JOURNAL ARTICLE

Bcr-Abl-independent imatinib-resistant K562 cells show aberrant protein acetylation and increased sensitivity to histone deacetylase inhibitors

Sang Min Lee, Jae Ho Bae, Mi Ju Kim, Hyun Sun Lee, Min Ki Lee, Byung Seon Chung, Dong Wan Kim, Chi Dug Kang, Sun Hee Kim
Journal of Pharmacology and Experimental Therapeutics 2007, 322 (3): 1084-92
17569822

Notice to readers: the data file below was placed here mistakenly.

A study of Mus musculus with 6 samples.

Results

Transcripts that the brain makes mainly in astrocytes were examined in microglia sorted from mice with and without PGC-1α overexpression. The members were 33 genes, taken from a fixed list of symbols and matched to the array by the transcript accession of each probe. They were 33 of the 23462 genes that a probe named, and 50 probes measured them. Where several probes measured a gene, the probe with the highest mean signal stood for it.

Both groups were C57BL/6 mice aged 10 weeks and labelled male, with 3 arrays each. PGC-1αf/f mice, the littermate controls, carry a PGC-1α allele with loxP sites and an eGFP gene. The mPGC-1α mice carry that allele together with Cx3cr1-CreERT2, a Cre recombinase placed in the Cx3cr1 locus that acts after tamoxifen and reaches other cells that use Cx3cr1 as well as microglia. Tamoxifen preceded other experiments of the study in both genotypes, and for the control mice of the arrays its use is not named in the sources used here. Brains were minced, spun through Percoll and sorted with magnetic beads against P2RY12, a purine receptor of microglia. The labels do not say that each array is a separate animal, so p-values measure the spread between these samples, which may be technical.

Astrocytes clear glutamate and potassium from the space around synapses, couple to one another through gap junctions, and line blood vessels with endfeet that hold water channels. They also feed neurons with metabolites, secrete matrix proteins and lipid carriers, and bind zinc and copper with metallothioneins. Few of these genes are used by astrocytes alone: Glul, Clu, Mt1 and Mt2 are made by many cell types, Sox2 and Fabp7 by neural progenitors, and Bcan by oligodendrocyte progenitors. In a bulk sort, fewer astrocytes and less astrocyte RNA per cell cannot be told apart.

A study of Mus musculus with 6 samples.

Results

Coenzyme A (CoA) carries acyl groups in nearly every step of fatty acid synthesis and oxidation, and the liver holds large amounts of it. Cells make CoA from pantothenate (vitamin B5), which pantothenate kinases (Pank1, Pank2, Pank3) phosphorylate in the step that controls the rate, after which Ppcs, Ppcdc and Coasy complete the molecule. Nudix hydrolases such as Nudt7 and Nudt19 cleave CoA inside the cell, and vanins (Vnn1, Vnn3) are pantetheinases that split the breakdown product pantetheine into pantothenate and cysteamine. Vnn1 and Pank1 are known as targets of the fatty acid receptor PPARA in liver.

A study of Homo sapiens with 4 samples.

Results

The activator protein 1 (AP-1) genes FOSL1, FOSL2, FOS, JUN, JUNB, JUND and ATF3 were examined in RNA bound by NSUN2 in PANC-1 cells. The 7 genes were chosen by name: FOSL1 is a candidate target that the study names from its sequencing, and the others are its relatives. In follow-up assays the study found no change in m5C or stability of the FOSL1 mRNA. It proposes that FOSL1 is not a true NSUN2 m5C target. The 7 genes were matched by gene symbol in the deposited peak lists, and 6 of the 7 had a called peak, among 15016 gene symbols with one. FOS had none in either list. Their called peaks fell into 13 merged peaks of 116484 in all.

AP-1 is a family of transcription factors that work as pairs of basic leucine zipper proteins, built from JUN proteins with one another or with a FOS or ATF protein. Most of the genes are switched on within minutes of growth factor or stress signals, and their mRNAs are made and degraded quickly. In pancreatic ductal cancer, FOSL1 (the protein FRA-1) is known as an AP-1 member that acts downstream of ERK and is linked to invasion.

Bcr-Abl-independent signaling pathways are known to be involved in imatinib resistance in some patients with chronic myelogenous leukemia (CML). In this study, to find new targets for imatinib-resistant CML displaying loss of Bcr-Abl kinase target dependence, we isolated imatinib-resistant variants, K562/R1, K562/R2, and K562/R3, which showed profound declines of Bcr-Abl levels and its tyrosine kinase activity, from K562 cells. Importantly, the imatinib resistance mechanism in these variants also included aberrant acetylation of nonhistone proteins such as p53, Ku70, and Hsp90 that was due to upregulation of histone deacetylases (HDACs) and down-regulation of histone acetyltransferase (HAT). In comparison with K562 cells, the imatinib-resistant variants showed up-regulation of HDAC1, -2, and -3 (class I HDACs) and class III SIRT1 and down-regulation of CBP/p300 and PCAF with HAT activity, and thereby p53 and cytoplasmic Ku70 were aberrantly acetylated. In addition, these were associated with down-regulation of Bax and up-regulation of Bcl-2. In contrast, the class II HDAC6 level was significantly decreased, and this was accompanied by an increase of Hsp90 acetylation in the imatinib-resistant variants, which was closely associated with loss of Bcr-Abl. These results indicate that alteration of the normal balance of HATs and HDACs leads to deregulated acetylation of Hsp90, p53, and Ku70 and thereby leads to imatinib resistance, suggesting the importance of the acetylation status of apoptosis-related nonhistone proteins in Bcr-Abl-independent imatinib resistance. We also revealed that imatinib-resistant K562 cells were more sensitive to suberoylanilide hydroxamic acid, an HDAC inhibitor, than K562 cells. These findings may have implications for HDAC as a molecular target in imatinib-resistant leukemia cells.